When you think of wasps, you probably think about trying to enjoy food or drink outside on a warm fall day and being bothered by yellowjackets. Maybe you think of getting stung. These experiences are common and make it easier to disregard (or disdain) a class of insects that do Minnesotans a lot of good.
Wasps: More than an outdoor dining pest
The last few years have brought a new appreciation for the wide diversity of bees in Minnesota. Wasps have similar diversity, and arguably provide even more beneficial services than bees. The yellowjackets and paper wasps that spike many people’s anxiety are only a small portion of the wasp species seen in Minnesota.
Big wasp, small wasp, yellow wasp, blue wasp
Wasps include more than just yellowjackets and hornets. Like bees, some wasps are social and live in colonies, while others are solitary. There are approximately 103,000 species of wasps in the world. Only 1,000 of these are social, while the others are either solitary or parasitoids (more info on that later).
These wasps help the world’s ecosystems function, as wasps pollinate flowers, control pests, spread seeds and help decompose carcasses. They inspire artists (Antman and the Wasp anyone?) and in other parts of the world, are eaten as a delicacy. As we learn more about bees and how useful they are, it is only fair that we give some love to their often misunderstood, but equally helpful, relatives, wasps.
Every wasp species helps Minnesota ecosystems (and gardens) function
Wasps’ fuzzier relatives, bees, often get credit for all pollination. Studies have shown that wasps are also good pollinators, and in some cases even step up and pollinate plants when bees are absent. Great black wasps are solitary wasps responsible for some pollination in Minnesota and individuals are often found on flowers.
Wasps help control garden pests
People often think of wasps as aggressive, and some insects probably share this feeling. Many wasp species feed on a wide variety of food sources, ranging from nectar and pollen to other insects. Some wasps are very targeted in what they hunt, seeking out and feeding on only one species of insect. Other species of wasps are generalists, meaning they will feed on whatever insects are available.
Social wasps, like yellowjackets and hornets, feed on a wide variety of insects, with studies finding social wasps eating flies, caterpillars, beetles and flies. One study in New Zealand tried to figure out how many pounds of insects a species of social wasps was hunting and eating, eventually estimating that the wasp colonies were eating an average of 2.12 pounds of insects per 2.47 acres. That’s a lot of bugs!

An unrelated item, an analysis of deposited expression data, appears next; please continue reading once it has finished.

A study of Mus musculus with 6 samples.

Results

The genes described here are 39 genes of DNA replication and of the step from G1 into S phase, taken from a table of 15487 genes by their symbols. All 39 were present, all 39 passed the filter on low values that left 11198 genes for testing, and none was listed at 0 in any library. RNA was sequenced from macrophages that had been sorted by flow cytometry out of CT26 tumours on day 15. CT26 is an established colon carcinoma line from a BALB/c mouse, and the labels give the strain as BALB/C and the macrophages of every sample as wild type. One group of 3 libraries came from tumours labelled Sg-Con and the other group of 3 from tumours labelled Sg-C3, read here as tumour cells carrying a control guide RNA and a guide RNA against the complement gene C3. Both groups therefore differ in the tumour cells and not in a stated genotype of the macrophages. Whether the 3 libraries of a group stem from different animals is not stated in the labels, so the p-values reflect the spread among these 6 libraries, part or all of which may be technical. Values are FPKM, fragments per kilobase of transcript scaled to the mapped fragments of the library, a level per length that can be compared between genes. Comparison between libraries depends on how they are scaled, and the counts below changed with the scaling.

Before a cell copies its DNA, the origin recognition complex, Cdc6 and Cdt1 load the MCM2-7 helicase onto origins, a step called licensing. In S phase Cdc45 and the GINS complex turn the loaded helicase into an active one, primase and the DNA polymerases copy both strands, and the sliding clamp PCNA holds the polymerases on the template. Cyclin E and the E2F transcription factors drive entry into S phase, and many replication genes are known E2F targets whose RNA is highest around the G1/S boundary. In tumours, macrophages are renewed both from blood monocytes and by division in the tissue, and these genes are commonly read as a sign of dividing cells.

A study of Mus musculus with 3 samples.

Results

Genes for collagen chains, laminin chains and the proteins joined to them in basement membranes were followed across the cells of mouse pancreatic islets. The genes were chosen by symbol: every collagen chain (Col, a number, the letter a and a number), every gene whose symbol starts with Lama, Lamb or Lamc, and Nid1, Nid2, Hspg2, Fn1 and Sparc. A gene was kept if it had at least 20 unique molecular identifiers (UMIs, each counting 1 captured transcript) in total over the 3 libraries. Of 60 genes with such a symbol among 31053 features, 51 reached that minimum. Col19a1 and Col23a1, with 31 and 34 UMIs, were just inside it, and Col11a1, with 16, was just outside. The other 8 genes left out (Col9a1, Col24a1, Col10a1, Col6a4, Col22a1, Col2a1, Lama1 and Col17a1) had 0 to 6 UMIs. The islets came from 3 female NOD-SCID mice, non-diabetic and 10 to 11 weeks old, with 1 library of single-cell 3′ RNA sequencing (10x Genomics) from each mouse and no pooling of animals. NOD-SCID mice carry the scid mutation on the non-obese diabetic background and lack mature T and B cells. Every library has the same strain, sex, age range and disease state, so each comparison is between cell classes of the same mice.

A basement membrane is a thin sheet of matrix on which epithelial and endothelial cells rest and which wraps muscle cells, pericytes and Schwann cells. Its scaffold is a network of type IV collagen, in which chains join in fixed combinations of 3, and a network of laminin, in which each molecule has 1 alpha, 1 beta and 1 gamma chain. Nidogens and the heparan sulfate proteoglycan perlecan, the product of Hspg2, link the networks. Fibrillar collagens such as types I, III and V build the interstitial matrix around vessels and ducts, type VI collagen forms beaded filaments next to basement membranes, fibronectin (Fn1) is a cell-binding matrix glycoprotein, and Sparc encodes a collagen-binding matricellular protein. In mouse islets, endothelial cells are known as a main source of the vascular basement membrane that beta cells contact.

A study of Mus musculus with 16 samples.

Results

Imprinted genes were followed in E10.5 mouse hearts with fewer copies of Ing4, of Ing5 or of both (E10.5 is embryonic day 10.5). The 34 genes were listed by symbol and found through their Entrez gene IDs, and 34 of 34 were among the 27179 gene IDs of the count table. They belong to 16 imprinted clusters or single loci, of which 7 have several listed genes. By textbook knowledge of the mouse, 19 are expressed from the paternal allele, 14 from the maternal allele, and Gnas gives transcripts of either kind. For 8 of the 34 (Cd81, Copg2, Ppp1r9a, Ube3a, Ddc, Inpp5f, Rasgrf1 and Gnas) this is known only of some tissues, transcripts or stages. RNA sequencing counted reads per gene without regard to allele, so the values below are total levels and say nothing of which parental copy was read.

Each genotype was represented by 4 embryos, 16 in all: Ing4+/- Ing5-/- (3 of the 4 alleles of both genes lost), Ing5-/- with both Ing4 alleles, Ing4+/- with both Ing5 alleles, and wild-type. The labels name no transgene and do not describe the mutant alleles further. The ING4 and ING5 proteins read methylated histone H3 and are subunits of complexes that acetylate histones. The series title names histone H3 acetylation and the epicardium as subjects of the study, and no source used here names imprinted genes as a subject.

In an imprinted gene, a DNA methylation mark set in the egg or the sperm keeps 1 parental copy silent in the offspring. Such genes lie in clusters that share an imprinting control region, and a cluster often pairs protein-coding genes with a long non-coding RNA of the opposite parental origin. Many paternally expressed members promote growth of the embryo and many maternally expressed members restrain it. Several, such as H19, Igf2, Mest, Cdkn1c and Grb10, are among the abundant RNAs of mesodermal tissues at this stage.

Solitary wasps may feed on other insects too. The great black wasp is also called cricket or katydid wasp, because they will feed their young crickets and katydids.
Wasps help control invasive species
Emerald ash borer is an invasive pest with major consequences for Minnesota’s forests and neighborhoods. Maybe your neighbors have been preventatively removing or treating their ash trees to protect trees, people and property from this pest. One option for longer-term control and slowing its spread, especially in Minnesota’s forests, are species of parasitoid wasps.
A parasitoid wasp is a wasp species with a specialized life-cycle. They target another species of insect and lay their eggs inside of them. The eggs hatch and the larvae feed on the other insect from the inside out, killing the host insect when they become adults (if this makes you think of the scene in the film Alien, you aren’t too far off).
These wasps are great at controlling pests because they are often specialized to lay eggs on one singular species. A bonus is that they are small and solitary, which means they aren’t defensive of a colony, do not sting humans, and aren’t usually noticed by people. Three parasitoid wasp species have been released in Minnesota to try to control emerald ash borer.
Okay, but why won’t they leave me alone come fall?
The only wasps bothering you in the fall are a small subset of Minnesota wasps, the social wasps.
Unlike honeybees where the goal of their social society is to have all members make it through the winter, only a yellowjacket queen makes it through winter. By the time the fall rolls around, the wasp colony contains thousands of members, and food supplies often aren’t adequate. This leads workers to aggressively scavenge for food, which often leads them to our food.
It is easier to modify our behaviors than get the wasps to modify theirs. Keeping calm and ignoring the wasps limits potential stings.
Yeah, but I still don’t want them near my house.
Totally fair, especially if the nest is in a high traffic area. This is a good time of year to keep an eye out for yellowjacket nests, as they start small and will be much easier to deal with than if you try to tackle the problem later in the year. For tips on removing different types of wasps nests, see the University of Minnesota Extension webpage about wasps and bees.
Again, keep in mind that our social wasp colonies survive only one year. The workers die in freezing temperatures while mated queens leave their old nests and search for protective places to spend the winter. This means winter is a great time to remove visible wasp nests, because they are vacant at that point.
What about 'murder hornets'?
There are some native insects that may seem similar. The cicada killer wasp is also very large. Cicada killer wasps are not dangerous, even though they can look intimidating. Females don’t instinctively protect their nests and generally ignore people. They can sting, but only do so if threatened. Males display aggressive behavior, but lack a stinger. Cicada killer wasps play a role in our Minnesota ecosystems by bringing cicadas down into their nests in the soil and feeding on them.
Brock, Ryan E., Alessandro Cini, and Seirian Sumner. "Ecosystem services provided by aculeate wasps." Biological Reviews (2021).